In the crowd-free quiet of the P.G.A. Championship on Saturday, Collin Morikawa could hear two kayakers on the lake below the 16th hole of TPC Harding Park trying to identify golfers on the cliff above them. Eventually, the pair came up with the name of the player walking with Morikawa — Adam Scott, the former world No. 1 from Australia.
They didn’t recognize Morikawa, whose profile is becoming a lot higher this weekend.
Morikawa, 23, put himself squarely into contention ahead of Sunday’s final round with a five-under-par 65 on the often-vexing San Francisco municipal course. His 54-hole total of seven under left him two strokes behind the leader, Dustin Johnson.
At sea level and often covered in misty air, Harding has upended the norms of swing speeds and ball flights for the best players in the world. For Morikawa, though, it has been something of a comfort zone.
“It helps, I’ve played here maybe a dozen times,” Morikawa said of Harding. “I’ve played it enough. It helped to show up Tuesday and know the course already. I knew the layout. I didn’t have to figure out the putting green. It helps, not have to worry about learning the ropes.”
Morikawa played college golf at the University of California, Berkeley, where he was a three-time first-team All-American and reached the top spot in the world’s amateur golf ranking. Twenty-one miles from the Berkeley campus, Morikawa is playing in his second major championship as a pro; he competed in the United States Open last year.
His third round on Saturday, anchored by a brilliant stretch of birdies at Nos. 15, 16 and 17, left him with a significant role in Sunday’s script.
The list of contenders will include fellow youngsters like Cameron Champ, 25, another native Californian, who shot a 67 to finish at eight under, tied for second place with Scottie Scheffler, a 24-year-old Texan who was low amateur at the 2017 U.S. Open.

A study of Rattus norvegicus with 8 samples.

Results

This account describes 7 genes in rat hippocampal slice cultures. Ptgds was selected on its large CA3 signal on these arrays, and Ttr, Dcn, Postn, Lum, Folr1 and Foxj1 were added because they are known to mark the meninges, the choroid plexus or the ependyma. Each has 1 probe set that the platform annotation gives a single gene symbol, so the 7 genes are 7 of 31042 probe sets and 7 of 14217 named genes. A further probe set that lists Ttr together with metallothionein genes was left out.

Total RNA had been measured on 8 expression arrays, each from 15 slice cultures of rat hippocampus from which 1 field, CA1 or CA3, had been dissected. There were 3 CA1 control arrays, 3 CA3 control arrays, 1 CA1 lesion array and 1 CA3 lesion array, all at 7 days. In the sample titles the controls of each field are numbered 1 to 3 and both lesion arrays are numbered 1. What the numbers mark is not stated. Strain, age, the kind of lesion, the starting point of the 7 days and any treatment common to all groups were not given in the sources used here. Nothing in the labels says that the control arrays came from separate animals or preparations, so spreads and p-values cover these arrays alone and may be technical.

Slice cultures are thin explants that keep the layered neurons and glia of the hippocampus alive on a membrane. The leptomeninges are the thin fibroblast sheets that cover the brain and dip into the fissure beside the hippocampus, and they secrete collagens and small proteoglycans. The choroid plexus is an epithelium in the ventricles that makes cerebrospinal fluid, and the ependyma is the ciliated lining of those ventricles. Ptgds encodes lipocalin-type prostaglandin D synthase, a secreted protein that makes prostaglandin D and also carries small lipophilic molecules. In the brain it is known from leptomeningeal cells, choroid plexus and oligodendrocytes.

Then there will be familiar characters like Brooks Koepka, who was seven under for the tournament, and striving at age 30 to win a third consecutive P.G.A. Championship and his fifth major over all. Also at seven under is Paul Casey, a 43-year-old Englishman looking for his first major title. And, of course, there is the 36-year-old Johnson, the winner of the 2016 U.S. Open.
Morikawa represents a new wave of player making marks on the PGA Tour since it restarted after the coronavirus pandemic halted play for almost three months.
He lost a playoff to another young star, Daniel Berger, in the first event back at Colonial in June, only to outlast the world No. 1, Justin Thomas, in a three-hole playoff at the Workday Charity Open one month later for his first professional win. Bryson DeChambeau, 26, and Jon Rahm, 23, have also won on tour since the restart.
Still learning his craft at the highest level, Morikawa said playing with veterans like Steve Stricker and Zach Johnson earlier in the week had helped him change his putting approach. After being paired with Scott on Saturday, Morikawa said the rhythmic beauty of the Australian’s swing had helped his tempo all day.
The interlude with the kayakers, though, reminded him of what was missing.
“If there were fans, I’d feel like a little more of a major feel, with big crowds,” Morikawa said, looking forward to Sunday’s round. “But yeah, I feel very comfortable, and that’s always a good sense. Three birdies in my last four holes show I’ll be ready.”
The names at the top of the leader board mean that, unlike the fairways at Harding Park, the chase for the Wanamaker Trophy is wide open.
Chaos can reign on a weekend at a major: Haotong Li, the second-round leader, lost a golf ball in a cypress tree on the back nine on his way to a 73 on Saturday. Those who embrace the vagaries of a municipal course with idiosyncrasies are surging to the fore.
“It’s a really pretty place — I like the cypress trees,” said Scheffler, whose 65 matched Morikawa and placed him a stroke better, at eight under through 54 holes. “It’s got a good look for me.”
A player who knows something about what it will take to win on Sunday offered some thoughts. Tiger Woods may have struggled again with a two-over 72, but offered his analysis of the final chase.
“You see the same handful of guys up there, they understand how to win major championships” Woods said, before name-checking Koepka. “We see Brooksy up there again. Guys who understand how to play tough golf courses and tough venues tend to be up there, whether it’s with crowds or no crowds.”